In Cinemark’s third-quarter earnings call November 3, CEO Mark Zoradi announced a loss of $148 million — and, going forward, theatrical windows would be a matter of case-by-case negotiation with distributors. In AMC’s third-quarter earnings statement the day prior, which included losses of $905 million, the exhibitor touted its deal with Universal as an important asset for the future.
Exhibition fought off encroachments for decades, but theaters have never been so weak. Some theater owners would like to cast these new precedents as COVID-era exception, but neither the AMC-Universal deal nor Cinemark’s willingness to play films with limited window would happen if theaters felt there was an alternative.
There’s another, more optimistic element that may also be in play. By addressing VOD head on, AMC and Cinemark are becoming active participants in its future. It also means they chose a side in a major battle, and it’s not theaters vs. studios. It’s VOD vs. streaming.
Compared to streaming, VOD is in theaters’ greater interest. Netflix has not been a friend. Disney and Warner Bros. have established streaming subscription sites for their films. (NBCUniversal parent Comcast has the TV-oriented Peacock Network, but also has an interest in transactional VOD since Comcast is a cable company and a VOD platform.) The VOD paradigm still gives primacy to theaters; by contrast, Disney’s priorities were reflected in the decision to release “Soul” on Disney+ Christmas Day.
It also means that exhibitors have a chance to learn from their mistakes. Four decades ago, video rentals were not yet invented and the nascent video industry had no certain path for retail sales. There was early interest between independent exhibition and Warner Bros. that theaters might serve as a retail franchise — but other exhibitors, and theater trade organization NATO, wanted nothing to do with supporting the video interloper. Like TV decades prior, they hoped it would go away. Instead, they lost the chance for partnership and a place at the table.
Theaters had sole rights to films for nearly a year when the video industry began. It shrank over the decades, until it was 90-day exclusivity for DVDs and VOD. With premium VOD, access came about two weeks earlier. Like video before it, exhibitors missed that opportunity to negotiate from strength.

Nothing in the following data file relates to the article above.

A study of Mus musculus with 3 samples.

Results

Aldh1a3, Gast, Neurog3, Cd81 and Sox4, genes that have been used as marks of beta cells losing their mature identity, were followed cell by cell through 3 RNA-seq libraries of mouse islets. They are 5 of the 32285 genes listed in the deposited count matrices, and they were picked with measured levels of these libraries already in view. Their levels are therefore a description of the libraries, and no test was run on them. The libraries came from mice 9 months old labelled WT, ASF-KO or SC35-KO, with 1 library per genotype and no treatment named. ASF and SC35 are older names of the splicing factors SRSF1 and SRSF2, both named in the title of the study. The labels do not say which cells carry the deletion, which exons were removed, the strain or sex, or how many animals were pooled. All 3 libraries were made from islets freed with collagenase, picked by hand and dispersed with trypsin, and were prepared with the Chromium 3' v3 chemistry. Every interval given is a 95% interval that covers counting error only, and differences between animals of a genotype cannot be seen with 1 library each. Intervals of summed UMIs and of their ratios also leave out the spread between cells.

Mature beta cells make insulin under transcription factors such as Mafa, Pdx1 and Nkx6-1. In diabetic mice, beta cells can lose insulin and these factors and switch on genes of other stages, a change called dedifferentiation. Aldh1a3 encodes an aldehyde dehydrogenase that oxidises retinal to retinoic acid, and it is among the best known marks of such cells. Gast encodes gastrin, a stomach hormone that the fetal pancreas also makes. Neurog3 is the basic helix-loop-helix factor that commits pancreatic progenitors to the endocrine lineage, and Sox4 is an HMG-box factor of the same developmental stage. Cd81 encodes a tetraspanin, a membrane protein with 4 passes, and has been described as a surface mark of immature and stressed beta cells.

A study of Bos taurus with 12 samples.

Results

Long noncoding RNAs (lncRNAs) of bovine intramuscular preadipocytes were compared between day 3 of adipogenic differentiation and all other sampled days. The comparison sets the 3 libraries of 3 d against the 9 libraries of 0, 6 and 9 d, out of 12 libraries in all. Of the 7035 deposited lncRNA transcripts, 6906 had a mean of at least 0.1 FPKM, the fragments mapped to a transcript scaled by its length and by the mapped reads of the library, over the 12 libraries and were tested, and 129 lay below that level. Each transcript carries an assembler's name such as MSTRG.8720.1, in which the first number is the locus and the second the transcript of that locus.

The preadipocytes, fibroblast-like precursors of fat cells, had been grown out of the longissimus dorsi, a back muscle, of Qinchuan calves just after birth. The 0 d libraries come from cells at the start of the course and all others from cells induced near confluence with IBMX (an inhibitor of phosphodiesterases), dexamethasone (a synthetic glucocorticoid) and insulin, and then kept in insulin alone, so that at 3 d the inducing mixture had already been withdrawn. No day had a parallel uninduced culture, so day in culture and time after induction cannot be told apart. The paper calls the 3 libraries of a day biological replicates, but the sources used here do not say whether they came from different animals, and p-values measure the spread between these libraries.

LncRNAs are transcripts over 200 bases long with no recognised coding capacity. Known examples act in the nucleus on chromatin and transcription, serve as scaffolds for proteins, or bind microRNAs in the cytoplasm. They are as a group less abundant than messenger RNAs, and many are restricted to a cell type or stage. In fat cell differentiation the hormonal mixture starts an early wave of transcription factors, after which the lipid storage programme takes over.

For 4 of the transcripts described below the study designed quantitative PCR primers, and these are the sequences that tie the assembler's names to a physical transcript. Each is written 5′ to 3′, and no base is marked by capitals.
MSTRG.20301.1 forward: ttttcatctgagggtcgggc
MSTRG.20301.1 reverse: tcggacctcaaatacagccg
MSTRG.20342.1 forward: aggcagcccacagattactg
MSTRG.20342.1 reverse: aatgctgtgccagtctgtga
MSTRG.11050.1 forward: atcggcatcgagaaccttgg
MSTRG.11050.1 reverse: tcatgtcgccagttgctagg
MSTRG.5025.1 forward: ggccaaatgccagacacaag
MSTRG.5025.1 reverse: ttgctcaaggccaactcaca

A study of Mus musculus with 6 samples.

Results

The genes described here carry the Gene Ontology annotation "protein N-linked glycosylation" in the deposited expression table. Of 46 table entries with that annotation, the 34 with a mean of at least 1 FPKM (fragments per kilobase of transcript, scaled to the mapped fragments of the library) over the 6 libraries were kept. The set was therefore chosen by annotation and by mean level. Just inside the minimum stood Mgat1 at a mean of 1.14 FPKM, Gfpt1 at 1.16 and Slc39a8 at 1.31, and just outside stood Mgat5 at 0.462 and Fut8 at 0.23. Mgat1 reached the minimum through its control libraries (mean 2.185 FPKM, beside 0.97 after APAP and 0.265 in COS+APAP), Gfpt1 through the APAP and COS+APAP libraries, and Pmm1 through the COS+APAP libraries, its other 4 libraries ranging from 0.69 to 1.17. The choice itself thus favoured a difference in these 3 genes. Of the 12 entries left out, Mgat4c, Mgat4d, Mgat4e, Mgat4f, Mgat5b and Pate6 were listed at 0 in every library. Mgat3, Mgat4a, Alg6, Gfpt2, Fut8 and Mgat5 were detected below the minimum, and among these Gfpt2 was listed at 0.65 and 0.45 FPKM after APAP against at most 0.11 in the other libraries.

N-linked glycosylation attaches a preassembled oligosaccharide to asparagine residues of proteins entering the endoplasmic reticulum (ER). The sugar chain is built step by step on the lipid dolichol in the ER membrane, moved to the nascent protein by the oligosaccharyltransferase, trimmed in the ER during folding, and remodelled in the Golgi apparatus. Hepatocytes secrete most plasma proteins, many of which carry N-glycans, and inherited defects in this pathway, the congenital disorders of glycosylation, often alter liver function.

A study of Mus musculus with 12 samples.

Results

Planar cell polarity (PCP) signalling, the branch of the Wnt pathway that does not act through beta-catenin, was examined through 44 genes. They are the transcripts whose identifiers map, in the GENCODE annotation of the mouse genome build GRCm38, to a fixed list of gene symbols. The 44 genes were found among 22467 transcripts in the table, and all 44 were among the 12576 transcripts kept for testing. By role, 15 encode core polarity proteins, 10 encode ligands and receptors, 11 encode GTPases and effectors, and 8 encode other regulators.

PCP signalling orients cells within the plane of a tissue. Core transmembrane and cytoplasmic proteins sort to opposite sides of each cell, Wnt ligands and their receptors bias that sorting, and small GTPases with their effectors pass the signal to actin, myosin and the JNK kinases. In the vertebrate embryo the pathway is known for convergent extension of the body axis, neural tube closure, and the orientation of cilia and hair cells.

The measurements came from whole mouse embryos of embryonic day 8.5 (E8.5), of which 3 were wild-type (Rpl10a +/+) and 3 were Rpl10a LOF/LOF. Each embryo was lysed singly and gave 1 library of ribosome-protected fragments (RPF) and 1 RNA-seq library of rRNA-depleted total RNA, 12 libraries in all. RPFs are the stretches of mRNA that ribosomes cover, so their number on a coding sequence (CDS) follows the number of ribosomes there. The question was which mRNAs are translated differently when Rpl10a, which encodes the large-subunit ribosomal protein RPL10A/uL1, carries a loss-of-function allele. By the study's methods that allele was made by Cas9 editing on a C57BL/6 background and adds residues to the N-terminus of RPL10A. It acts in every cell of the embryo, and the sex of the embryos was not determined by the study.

Imagine: A few years ago, when it was becoming clear that Netflix would be a threat to the studio and theater universes, what if some forward-thinking exhibitor came to terms with the concept that 90-day windows might not last? If theaters acted when their strength was greater, they might have been able to achieve contractual commitments to longer, flexible windows based on the strength of a film’s gross. They might have been able to negotiate a bigger share of VOD revenues. Theaters might even have enjoyed a period of exclusive VOD rights on their own platforms.
At this point, theaters have lost nearly all leverage.The first film to break the windows barrier was Focus Features’ “Come Play,” which opened October 30. It opened in over 2,000 theaters, despite plans for home availability three weeks later.
Bookings of “Freaky,” which opens today, and “Croods 2: New Age”(November 13) came with preset premium VOD dates (three and four weeks ahead, respectively). Among domestic leading circuits, only Regal will not play them (and only a handful of its theaters are open).
It was inevitable that studios would press their advantage on the lucrative PVOD and streaming platforms. Exhibitors hoped, when that happened, theatrical revenues would be enough. Not only was it the best and most reliable way to turn a profit, those returns also played a role in a film’s entire lifecycle.
COVID called that bluff. Studios could choose to put their titles on ice, or they could aggressively pursue the alternatives they’d gamed out long before. Now that it’s happened, theaters have perhaps one last chance to position themselves for the future.